History in the making: Ethereum merges into a Proof-of-Stake protocol


Ethereum has been a Proof of Work (PoW) protocol since its first block was made the 30th July 2015. Many GPU cards have crunched numbers for rewards ever since at an increasing level of energy consumption, currently at 112 TWH/per year or comparable to that of Netherlands.

A greener Ethereum

Now that is about to change as Ethereum is merging into a Proof of Stake (PoS) protocol. Ethereum tested its PoS concepts in a separate Beacon Chain launched December 1st 2020. This separate chain will form the Consensus layer while the old PoW protocol will form the Execution layer of the blockchain after the merge. With merging into PoS Ethereum foundation estimates energy consumptions will be reduced by 99.95% making it a much more energy efficient protocol going forward.

Setting the stage for sharding

Another key advantage of moving to PoS is that it creates a registry of all the block producers in the smart contracts for staking, something you do not have with GPU miners. This in turn gives the ability to split responsibilities on the blockchain and sets the stage for what is known as Sharding, that is slated for introduction in 2023 to increase the throughput of the Ethereum blockchain from the current roughly 1 million transactions per day.

Key dates to follow

The merge happens in two steps where first the consensus layer is planned to upgrade (Bellatrix upgrade) on the Beacon chain at 11:34:47am on September 6th 2022. The second stage will happen on the execution layer as the Paris upgrade after the Terminal Total Difficulty (TTD) reaches a certain point that depends on the PoW hashrate. This is currently expected between September 10th to 20th and you can find a live estimate based on current hashrate here.

What to do to get ready?

For you as a customer it is important to know that the Merge will keep all transaction history of the blockchain, and you will not need to do anything with your funds or wallets to prepair. We as an exchange have upgraded our nodes in preparation of the Merge, and are closely monitoring the process to make sure it goes smoothly on our end. As disclosed in our latest financial report we are also planning to offer PoS services to our customers on Ethereum and have been actively testing on the Beacon Chain since February 2022.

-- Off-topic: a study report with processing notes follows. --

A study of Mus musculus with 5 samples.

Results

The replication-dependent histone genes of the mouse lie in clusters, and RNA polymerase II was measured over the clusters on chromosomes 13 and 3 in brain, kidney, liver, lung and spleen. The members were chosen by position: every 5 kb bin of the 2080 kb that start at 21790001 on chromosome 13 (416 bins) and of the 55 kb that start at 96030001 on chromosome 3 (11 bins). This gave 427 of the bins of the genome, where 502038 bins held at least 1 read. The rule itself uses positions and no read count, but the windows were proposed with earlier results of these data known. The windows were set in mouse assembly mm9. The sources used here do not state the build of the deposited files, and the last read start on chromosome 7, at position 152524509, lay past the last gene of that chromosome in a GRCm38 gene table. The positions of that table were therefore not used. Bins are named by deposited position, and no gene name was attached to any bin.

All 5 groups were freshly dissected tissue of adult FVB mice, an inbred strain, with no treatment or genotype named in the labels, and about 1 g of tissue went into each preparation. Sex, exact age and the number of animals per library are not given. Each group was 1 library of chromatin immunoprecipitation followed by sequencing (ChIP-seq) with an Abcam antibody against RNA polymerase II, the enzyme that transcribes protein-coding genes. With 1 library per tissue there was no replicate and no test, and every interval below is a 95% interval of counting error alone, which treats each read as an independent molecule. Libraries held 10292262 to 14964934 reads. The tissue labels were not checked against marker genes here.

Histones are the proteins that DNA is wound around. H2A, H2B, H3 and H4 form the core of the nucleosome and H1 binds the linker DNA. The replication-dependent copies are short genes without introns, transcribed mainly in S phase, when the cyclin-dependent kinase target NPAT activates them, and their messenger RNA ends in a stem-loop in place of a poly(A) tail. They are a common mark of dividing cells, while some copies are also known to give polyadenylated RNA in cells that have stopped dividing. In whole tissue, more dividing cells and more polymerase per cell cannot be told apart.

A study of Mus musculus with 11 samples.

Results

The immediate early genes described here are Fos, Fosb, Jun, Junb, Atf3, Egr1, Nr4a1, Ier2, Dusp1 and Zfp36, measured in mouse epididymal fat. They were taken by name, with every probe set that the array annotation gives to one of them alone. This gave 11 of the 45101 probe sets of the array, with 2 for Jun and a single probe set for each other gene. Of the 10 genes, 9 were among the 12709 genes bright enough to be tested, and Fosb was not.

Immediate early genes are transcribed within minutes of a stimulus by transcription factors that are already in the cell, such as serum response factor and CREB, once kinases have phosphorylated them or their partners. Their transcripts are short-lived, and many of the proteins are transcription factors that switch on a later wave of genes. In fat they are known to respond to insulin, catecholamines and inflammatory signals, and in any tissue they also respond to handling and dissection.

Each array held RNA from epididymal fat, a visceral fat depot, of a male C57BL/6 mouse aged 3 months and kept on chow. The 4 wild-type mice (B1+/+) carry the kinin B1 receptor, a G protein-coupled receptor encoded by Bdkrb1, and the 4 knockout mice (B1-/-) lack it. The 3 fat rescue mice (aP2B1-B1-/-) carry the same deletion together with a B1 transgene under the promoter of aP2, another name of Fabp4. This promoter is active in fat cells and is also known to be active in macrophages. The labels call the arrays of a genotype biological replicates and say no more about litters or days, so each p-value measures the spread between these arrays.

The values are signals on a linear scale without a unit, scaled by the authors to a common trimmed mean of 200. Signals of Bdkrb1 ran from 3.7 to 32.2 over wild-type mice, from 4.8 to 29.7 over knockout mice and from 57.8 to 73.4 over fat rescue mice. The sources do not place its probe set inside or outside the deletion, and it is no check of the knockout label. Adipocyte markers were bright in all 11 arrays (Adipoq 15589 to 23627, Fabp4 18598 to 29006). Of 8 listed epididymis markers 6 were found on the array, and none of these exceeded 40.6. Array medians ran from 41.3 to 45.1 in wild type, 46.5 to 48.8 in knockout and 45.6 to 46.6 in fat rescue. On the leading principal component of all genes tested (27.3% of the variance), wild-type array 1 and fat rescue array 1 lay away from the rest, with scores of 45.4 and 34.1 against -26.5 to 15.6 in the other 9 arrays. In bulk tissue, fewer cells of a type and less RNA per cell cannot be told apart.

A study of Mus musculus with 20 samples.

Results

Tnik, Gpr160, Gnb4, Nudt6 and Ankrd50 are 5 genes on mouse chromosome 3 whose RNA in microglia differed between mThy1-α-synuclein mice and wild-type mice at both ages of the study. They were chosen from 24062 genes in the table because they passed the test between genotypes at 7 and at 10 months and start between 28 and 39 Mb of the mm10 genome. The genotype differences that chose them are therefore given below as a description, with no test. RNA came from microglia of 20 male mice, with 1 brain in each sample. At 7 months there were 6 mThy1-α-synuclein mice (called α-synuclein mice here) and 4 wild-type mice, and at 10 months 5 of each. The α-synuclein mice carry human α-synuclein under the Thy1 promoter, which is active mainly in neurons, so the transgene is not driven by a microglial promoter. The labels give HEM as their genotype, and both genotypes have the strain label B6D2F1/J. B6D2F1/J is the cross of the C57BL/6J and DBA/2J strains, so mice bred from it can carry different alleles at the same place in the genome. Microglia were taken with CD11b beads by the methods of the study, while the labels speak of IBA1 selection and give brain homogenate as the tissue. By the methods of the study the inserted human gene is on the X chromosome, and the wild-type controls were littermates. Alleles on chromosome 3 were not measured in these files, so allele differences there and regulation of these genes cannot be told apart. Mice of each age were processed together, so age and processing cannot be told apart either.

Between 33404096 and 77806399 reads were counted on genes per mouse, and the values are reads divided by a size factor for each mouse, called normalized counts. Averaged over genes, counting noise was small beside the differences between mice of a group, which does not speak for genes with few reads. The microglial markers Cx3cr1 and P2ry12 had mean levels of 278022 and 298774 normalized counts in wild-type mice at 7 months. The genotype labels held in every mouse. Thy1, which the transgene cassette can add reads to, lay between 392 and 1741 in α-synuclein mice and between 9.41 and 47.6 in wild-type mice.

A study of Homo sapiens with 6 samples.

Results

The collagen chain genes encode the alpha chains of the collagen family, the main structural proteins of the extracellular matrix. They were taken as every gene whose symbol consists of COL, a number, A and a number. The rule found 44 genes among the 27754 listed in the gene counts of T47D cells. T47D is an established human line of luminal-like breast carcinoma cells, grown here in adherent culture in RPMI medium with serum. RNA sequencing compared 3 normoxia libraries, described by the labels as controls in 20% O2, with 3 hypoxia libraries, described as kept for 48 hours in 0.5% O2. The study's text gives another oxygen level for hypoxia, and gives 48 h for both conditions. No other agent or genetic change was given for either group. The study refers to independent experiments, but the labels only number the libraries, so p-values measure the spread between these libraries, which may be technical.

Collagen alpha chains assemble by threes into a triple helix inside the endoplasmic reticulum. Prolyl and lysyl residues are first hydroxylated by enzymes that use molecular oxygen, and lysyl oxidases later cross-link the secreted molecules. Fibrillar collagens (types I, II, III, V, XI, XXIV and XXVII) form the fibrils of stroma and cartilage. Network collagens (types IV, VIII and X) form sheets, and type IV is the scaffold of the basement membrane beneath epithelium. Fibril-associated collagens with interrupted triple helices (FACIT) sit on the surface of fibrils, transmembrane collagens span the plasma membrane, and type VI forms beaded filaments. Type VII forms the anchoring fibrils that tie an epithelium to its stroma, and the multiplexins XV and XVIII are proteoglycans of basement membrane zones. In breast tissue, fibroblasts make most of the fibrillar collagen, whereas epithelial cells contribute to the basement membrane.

The Cardano Vasil Hardfork

In memory of a community member

The Vasil Hardfork is named after a much loved and respected Cardano community member and former ambassador to Cardano, the late Vasil St Dabov. It is the most significant network upgrade since the deployment of staking on Cardano in the Shelley network upgrade. The upgrade is part of the Basho phase of the Cardano roadmap that focuses on scaling and network & ledger optimization. Currently it is likely to be rolled out in September and a date will be announced once the requirements for triggering the Hard Fork is met.

Diffusion pipelining

Part of the upgrade is to implement diffusion pipelining so that some of the current block propagation steps will happen more concurrently. This in turn gives the node pools that propagate blocks more headroom with faster block propagation times and sets the stage for larger blocks thus giving more transaction information per block update to the blockchain. Cardano has an approach where it tries to not only have a high throughput, but also to make sure the throughput is efficient with as many transactions as possible in a single block update.

Upgrades to the smart contracts with reference inputs, inline datums and script referencing

Another major upgrade is on the smart contract sides with the Plutus smart language. Reference inputs (CIP-31) will enable data sharing on-chain without having to spend and recreate UTXOs to access the data, thus facilitating more efficient smart contracts. Inline datums (CIP-32) will allow such pieces of data that are attached to outputs instead of just the hash of the datum, and is enabled in part by now having more support for variable sized UTXO entries. In essence it will simplify scripting and also allow users to see the data on the blockchain. Reference scripts (CIP-33) will allow scripts to be attached to outputs as well as allow satisfying validation requirements through a referenced output containing the script. In short this means lesser script sizes for more efficiency of scripts on the blockchain.

Plutus V2, collateral inputs and improvements to VRF

The evaluator for Plutus scripts has been tuned and there is a 20-30% improvement in script resource usage according to IOHK. They have also added functionality that allows better interoperability between Cardano and other blockchains such as Bitocin or Ethereum at lower overall memory and CPU costs. Another improvement is in script collateral (CIP-40) in short making it less costly for users when a script fails to validate. Finally the Verifiable Random Function (VRF) process that creates the randomness for when blocks are produced now only requires one VRF per network hop instead of the previous two. This enables faster block validation and network syncing times without compromising any security.

What to do to get ready?

Cardano uses a hard-fork combinator that will make a seamless protocol transition when the upgrade happens. From the user perspective as an Ada holder for transactions and DApps you do not need to do anything. NBX have already upgraded our nodes to the Vasil HF compatible 1.35.3. We also have a staking pool (ADA North Pool) with testnet pools as well, where we are carefully testing and monitoring the Hard Fork in advance.